Making Hay

Week of May 4th, 2008 | The weather was seasonable.

A Courageous Mouse

Sarah and her sister with cat.

Sarah and her sister with cat.

By Sarah Holm

Watching the grass grow this spring makes me remember past grazing seasons. A few summers ago, I had an experience out in a field that changed my perspective of mice forever.

I was moving the fence one summer evening, in the field west of the house. As Organic Valley farmers we rotationally graze our cows, so every morning and every evening someone from my family goes out and moves the temporary electric fence, usually while the cows are being milked. I enjoy moving the fence and this particular night I had brought a cat with me for company.

The cat, a young tom named Gulliver, amused himself chasing butterflies while I took down the old fence line, set up the plastic posts about forty feet away from the old fence line and then strung the electric fence wire through the posts. After I had finished with the fence, I chased down Gulliver, who was stalking me in the tall grass, and carried him with me to check on the cow's water tank before I went into the barn.

I always check the water tank to make sure the hose and float are working and to see if it needs to be cleaned. The tank was in good condition so I began walking back to the barn, still carrying Gulliver.

I was watching the grass as I walked, checking for dung beetles and noting the different plant species, so it was no wonder I saw the mouse. The brown mouse looked up at me fiercely with large black eyes. Without a second thought I promptly tossed the cat on her.

That really wasn't fair according to my rules, I had long ago decided to never bother a mouse that wasn't near the barn or the house. I had decided field mice never bothered anybody as long as they stayed in the field. I said so to my dad once when I was ten years old and he agreed. "We have to work with the whole ecosystem," he said. So, I have always tried to be kind to mice.

Gulliver was quite insulted to be down on the ground so suddenly, but when the orange cat saw the mouse run off he instantly felt better. He ran after her and, almost lazily, flipped the fat mouse onto her back. The mouse flipped back onto her feet and ran away again and Gulliver followed her, enjoying the chase. He had her trapped against a large clump of grass when I ran up to watch. Gulli pawed her a few times and tossed her into the air and she landed with a thump. The next time Gulli came at her, she fought back! The mouse stood on her hind legs, and when the cat tried to bite her she scratched his face so fast and furiously, it looked like she was boxing him!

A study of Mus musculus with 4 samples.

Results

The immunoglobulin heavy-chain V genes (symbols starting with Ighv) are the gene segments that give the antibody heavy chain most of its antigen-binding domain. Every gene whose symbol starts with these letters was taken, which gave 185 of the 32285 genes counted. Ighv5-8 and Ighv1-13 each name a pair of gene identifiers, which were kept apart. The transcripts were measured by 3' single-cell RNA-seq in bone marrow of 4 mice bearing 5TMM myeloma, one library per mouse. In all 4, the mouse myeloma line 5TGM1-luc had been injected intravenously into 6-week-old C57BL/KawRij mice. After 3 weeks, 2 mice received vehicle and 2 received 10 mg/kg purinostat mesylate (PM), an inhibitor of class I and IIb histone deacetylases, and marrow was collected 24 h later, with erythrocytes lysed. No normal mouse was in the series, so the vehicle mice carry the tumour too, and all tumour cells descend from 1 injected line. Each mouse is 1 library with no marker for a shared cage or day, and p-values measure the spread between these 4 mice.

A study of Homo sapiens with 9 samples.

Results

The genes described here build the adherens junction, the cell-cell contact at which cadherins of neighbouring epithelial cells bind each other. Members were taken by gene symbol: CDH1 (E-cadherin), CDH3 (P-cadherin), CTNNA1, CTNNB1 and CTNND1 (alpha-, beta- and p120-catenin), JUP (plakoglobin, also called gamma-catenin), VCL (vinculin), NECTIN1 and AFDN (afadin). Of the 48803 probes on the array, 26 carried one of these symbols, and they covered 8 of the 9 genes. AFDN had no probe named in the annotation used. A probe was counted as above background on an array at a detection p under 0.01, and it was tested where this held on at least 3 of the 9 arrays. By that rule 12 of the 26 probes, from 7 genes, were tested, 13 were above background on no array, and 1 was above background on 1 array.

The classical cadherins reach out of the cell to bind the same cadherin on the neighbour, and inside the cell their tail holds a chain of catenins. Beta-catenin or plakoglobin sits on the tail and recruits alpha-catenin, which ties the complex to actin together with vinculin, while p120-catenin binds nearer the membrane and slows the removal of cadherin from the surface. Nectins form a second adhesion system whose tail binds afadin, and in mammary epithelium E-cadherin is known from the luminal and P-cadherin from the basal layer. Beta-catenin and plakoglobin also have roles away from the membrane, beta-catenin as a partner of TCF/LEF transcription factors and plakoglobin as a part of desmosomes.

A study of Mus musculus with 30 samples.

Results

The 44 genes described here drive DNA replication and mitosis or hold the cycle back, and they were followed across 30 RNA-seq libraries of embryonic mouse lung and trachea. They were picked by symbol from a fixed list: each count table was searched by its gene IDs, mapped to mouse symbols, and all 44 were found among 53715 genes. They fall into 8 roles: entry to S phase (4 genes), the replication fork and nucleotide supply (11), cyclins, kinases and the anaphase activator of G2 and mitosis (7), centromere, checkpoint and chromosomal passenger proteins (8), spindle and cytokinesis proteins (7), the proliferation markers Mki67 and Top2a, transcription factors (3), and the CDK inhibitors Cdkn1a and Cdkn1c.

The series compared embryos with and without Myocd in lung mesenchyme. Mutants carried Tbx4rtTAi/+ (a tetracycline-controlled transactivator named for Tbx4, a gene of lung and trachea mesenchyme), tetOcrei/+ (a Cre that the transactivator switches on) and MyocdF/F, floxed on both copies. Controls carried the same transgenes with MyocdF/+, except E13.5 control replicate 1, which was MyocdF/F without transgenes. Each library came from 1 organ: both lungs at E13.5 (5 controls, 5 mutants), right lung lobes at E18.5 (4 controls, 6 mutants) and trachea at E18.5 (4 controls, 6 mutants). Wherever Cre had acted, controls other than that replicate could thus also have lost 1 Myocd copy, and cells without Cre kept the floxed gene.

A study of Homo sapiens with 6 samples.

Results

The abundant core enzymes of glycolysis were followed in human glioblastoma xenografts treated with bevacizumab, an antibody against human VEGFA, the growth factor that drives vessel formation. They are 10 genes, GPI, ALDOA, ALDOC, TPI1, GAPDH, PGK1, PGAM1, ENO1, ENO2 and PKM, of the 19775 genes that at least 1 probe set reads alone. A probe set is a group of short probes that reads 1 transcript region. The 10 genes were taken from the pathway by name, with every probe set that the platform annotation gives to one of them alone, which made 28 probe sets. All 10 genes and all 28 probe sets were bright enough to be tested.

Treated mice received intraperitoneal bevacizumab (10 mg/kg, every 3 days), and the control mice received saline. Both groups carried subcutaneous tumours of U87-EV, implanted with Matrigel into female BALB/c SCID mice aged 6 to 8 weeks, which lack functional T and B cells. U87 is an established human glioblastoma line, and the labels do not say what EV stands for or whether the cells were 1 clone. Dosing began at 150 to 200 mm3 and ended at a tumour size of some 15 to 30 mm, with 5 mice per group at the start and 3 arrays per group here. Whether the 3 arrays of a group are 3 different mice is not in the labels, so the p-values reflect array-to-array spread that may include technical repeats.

I watched astonished as the cat and mouse fought together. I couldn't help but notice the difference in how they fought. The cat was just enjoying his exciting meal, but the mouse was fighting for her life. I had never seen anything like that before. Usually mice just tried to get away; they had never fought back before!

I really felt bad for the little mouse; she was trying so hard to scare Gulliver away. Then, desperately, she stopped scratching Gulliver's face and leaped for his paw. She grabbed onto it and sunk her teeth in as far as she could. Gulliver let out a hiss of pain and lunged to bite her.

Up to this point, Gulliver had been enjoying the battle, as cats like to play with their victims before they kill them sometimes. Gulliver hadn't been using his claws and he hadn't bit the mouse. But now that the mouse was hanging like a leech from his paw, Gulli wasn't having fun anymore and he decided to end the fight.

I intervened right before he bit her, grabbing the cat by the scruff of the neck and lifting him into the air. I respected this warrior mouse too much to let her die. I shook Gulliver's paw until the mouse let go. She fell the few feet to the ground and stood up, unhurt. Gulliver squirmed to get at her but I tucked him tightly under one arm and told him to be quiet. The mouse crouched in the grass and sniffed around her, wondering where the cat was. Then she stood up slowly, quivering with fear, and looked at me suspiciously.

"I'm sorry, mouse." I found myself speaking to her demanding black eyes. "I didn't think. You can go now, I've got the cat." I stamped my feet at her until she ran away. I watched her run until she disappeared into the grass, and then I watched the grass ripple where she ran until I couldn't tell her rippling wake apart from the waves the wind made in the green grass.

Farm Fact: The first mice to arrive in North America arrived as stowaways on ships from Europe.